Indy has earned some praise

DEAN MCNULTY, QMI Agency

, Last Updated: 6:30 PM ET

What follows is something you don't see a lot of in the Trackside column: Praise for the IZOD IndyCar Series and the decisions it made for the 2011 racing calendar.

The reason there hasn't been much praise here for open-wheel racing in North America, frankly, is that none -- for the most part -- was deserved over the past decade.

In that lost decade with the Indy Racing League and Champ Car being run by Darryl, Darryl and his other brother Darryl nothing was ever done right on both sides.

But newly minted IndyCar boss Randy Bernard is changing that inept corporate mindset.

And his first great move came with his insistence that he wouldn't lower the value of his product to keep it at International Speedway Corporation facilities next season was both courageous and absolutely correct.

ISC played tough in negotiations arguing that IndyCar drew flies at its tracks in Watkins Glen, Chicagoland, Homestead and Kansas and therefore Bernard should lower the sanctioning fees. To his credit Bernard told them "no thanks" and signed new deals at Baltimore, Milwaukee, New Hampshire and yet to be announced, but a done deal at Las Vegas.

Had he given in to the ISC tactics Bernard would have led IndyCar into the same death trap that Paul Gentilossi, Kevin Kalkhoven and Gerry Forsythe did with the old Champ Car series: Give it away for nothing or nearly nothing.

And we all know how that worked out.

By aligning himself with Bruton Smith and his Speedway Motorsports Inc., Bernard has deal with a guy who makes P.T. Barnum look like a piker.

Doing it without lowering the price of admission just makes it that much better.

Kimi Part Deux

One has to wonder if former Formula One world champion Kimi Raikkonen is just dumb or playing a clever game that the rest of us just don't get.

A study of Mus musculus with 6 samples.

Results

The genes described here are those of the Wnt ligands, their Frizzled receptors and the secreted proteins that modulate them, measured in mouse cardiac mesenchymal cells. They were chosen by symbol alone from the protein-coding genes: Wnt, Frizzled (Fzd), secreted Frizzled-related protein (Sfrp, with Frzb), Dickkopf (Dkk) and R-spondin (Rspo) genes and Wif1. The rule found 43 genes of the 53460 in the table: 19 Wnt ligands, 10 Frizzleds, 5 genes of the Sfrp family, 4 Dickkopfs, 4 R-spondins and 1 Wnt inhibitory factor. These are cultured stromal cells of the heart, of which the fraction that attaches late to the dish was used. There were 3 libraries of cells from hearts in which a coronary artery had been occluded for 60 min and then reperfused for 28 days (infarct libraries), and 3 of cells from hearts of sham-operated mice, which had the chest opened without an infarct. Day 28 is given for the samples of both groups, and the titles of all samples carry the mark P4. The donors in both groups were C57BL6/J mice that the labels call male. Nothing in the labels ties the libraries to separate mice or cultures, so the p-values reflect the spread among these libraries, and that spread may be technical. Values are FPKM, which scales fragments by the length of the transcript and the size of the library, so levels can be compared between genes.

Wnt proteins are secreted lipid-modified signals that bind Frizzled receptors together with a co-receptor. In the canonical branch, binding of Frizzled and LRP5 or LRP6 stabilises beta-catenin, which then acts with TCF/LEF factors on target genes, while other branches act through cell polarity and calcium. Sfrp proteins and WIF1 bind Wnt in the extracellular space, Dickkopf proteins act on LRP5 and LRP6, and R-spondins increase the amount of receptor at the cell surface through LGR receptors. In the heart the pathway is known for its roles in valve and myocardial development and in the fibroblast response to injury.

For 18 months now, ever since he was let go by Ferrari with almost two years of a $7 million U.S. a season contract still in effect, Raikkonen has been outspoken with his insistence that he had no desire to hitch his wagon back on to the F-1 circus.

In fact as recently as two weeks ago, he was telling anybody who would listen that he loved being part of the World Rally Championship.

But there he was on Tuesday leaking news to Autosport Magazine that he had let French auto giant Renault know he was available to fill one of their F-1 team's seats next season.

Was it that all of a sudden he realized his Ferrari paycheques were just weeks away from coming to a stop? Or was it that when he asked his Citroen WRC team to match the Ferrari deal he was laughed out of the paddock?

Whatever happened it looks as if Renault is indeed interested, with team principal Eric Boullier confirming negotiations are ongoing to have the Finn in a seat alongside Robert Kubica in 2011.

"It is true that the summer has passed and we have had more and more requests -- and the guy you mentioned (Raikkonen) is on the radar now," Boullier told Autosport.

Pit stops

If I were any of the 12 Chase for the NASCAR Sprint Cup Championship drivers, I'd be more worried about some of the loose canons who didn't make the final cut when the post-season begins at New Hampshire on Sunday. Guys such as Joe Logano, Brad Keselowski and Juan Pablo Montoya can do a lot of damage from the outside looking in ... Surprised to see that Bill Jenkins didn't hire Patrick Carpentier to drive the No. 26 Ford at Loudon; he's a former pole winner at the one-mile flat oval.